The Secret of the Tea Tree
Although Australians have used the tea tree for thousands of years, the plant didn't gain worldwide fame until 1929, when Dr. Arthur Penfold, along with F.R. Morrison, published "Australian Tea Trees of Economic Value." Shortly after many studies were launched to study the plant and its possible benefits [source: Crawford].
How to Use Tea Tree Oil
There are right and wrong ways to use tea tree oil. When it's used properly, it has the potential to improve your skin. But if it's used improperly, it could end up sending you to the hospital. As mentioned before, tea tree oil isn't meant to be taken orally. Doing so can have serious consequences. Some people will use tea tree oil as a mouthwash to get rid of bad breath, but those who do so should be extremely careful, because swallowing even a tiny amount can cause complications. Most people are probably better off sticking to topical use of tea tree oil.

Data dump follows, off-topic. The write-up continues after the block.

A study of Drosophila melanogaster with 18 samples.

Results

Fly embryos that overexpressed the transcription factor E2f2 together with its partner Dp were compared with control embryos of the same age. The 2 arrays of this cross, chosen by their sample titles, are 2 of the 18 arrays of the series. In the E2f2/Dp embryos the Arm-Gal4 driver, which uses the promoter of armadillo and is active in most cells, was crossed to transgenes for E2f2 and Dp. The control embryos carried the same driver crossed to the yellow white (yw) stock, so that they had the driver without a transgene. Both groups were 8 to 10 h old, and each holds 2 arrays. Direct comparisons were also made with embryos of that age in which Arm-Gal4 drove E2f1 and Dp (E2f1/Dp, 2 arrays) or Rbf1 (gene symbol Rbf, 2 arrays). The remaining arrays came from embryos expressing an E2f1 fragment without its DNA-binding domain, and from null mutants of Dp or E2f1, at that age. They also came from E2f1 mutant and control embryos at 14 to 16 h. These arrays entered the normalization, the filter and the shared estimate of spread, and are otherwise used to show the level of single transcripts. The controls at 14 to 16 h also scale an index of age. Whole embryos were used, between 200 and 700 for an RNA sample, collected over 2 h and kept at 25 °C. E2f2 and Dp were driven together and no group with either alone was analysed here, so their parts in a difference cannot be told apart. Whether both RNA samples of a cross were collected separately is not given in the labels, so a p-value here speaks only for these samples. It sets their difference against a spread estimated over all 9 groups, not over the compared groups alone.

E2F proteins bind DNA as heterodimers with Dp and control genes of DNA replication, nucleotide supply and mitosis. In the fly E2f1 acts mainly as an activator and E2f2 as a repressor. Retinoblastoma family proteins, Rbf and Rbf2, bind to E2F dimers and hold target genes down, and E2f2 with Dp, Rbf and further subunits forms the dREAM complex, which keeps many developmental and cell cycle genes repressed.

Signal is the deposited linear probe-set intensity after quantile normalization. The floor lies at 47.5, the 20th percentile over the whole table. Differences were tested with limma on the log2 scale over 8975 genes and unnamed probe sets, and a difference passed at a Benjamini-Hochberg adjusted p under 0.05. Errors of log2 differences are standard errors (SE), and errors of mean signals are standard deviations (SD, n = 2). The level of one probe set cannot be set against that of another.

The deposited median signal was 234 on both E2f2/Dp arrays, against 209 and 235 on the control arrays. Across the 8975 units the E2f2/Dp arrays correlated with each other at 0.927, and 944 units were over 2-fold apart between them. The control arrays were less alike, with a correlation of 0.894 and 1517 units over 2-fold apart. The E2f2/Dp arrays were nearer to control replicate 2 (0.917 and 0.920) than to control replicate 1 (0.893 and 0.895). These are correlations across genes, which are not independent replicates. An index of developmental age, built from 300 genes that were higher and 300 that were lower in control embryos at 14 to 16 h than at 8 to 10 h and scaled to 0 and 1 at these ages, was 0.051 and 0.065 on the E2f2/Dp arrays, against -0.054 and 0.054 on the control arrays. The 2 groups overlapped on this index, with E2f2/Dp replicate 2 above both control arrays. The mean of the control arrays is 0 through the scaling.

There is no proven effective dose of tea tree oil, but most studies have used products containing a 5 to 10 percent concentration [source: Mayo Clinic]. For most products containing tea tree oil, you'll be fine as long as you follow the instructions, but if you start to experience any side effects, contact your doctor immediately [source: Medicine Net].
If you want to keep a bottle of tea tree oil in your house, make sure it comes in a dark glass bottle. This will prevent light from penetrating the glass and breaking down the oil inside. To use the oil, simply place a few drops on a cotton swab and apply it to the affected area of your skin. Be careful not to use too much, or you could end up drying your skin out. Similarly, you don't want to use tea tree oil to treat conditions like acne if you're already using a product like benzoyl peroxide. Doing so could leave you with red, irritated skin, and you could end up in a situation worse than the one you started with.
For lots more information on tea tree oil and skin care, see the links on the next page.